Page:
When the National Park Service of the U.S. celebrated its 50th birthday back in 1966, the extraordinary natural sites that comprised the system were in the midst of what TIME dubbed that year “rush hour in the wilderness,” as “overcrowding is becoming so severe that many will wonder why they ever left home.”
As more Americans, with the help of their expanding number of cars, flocked to the parks, experts lamented that the only solution would be to add more parks—and that such an answer would likely be impossible, given that demand for urban and suburban living space was also increasing. Though the “Mission 66” plan for that 1966 milestone had added campsites and increased budgets, actually adding more space had been a higher hurdle.
But, in the half-century since then, with the Service celebrating its 100th birthday on Thursday, it’s clear that things turned out a little bit differently than expected. The system has in fact grown—there are now 59 national parks within the 412 sites that fall under the National Park Service umbrella—and, as the chart below shows, so has the number of people visiting.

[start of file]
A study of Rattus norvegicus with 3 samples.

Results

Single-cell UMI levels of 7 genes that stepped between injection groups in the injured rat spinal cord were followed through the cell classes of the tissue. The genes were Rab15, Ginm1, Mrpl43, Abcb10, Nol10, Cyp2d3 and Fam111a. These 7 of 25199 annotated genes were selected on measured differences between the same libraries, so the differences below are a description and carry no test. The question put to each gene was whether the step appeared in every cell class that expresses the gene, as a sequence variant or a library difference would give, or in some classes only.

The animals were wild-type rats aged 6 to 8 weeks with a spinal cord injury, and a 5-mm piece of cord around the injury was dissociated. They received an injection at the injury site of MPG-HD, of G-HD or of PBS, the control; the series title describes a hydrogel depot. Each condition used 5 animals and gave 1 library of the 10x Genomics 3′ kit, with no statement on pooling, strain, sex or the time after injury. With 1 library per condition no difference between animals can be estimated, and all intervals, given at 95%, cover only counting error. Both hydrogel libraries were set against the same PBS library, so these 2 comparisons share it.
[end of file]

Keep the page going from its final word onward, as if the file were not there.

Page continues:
And it’s not just a matter of increasing acreage: each band of color in the graph represents a park, so it’s easy to see how visitor numbers at each site have increased. For example, the burgundy strip that represents the Grand Canyon appears in each of the three years measured, but it has also gotten substantially thicker over time.
This growth can present problems of its own, as the Park Service walks the line between sharing the land with citizens and preserving its wilderness, but it’s hard not to see the whopping 75 million 2015 visitors to the major national parks—an average of 1.3 million each—as a tribute to the success of the idea that was set into law on Aug. 25, 1916.
“Thus, in a direct way that pioneer conservationists would have wondered at—and some might have shuddered at—millions of Americans in whose name the forests were saved from the timber barons are now pouring into the national forests,” TIME observed at the close of the 1950s. “The millions of U.S. citizens today want not only to co-own and co-profit from the forests, but to harvest the personal dividends of their heritage by browsing through the ferns of upper Michigan or drowsing to the trickle of waterfalls in North Carolina or pitching the tent far from crowded camp sites and far, far from the urban world.”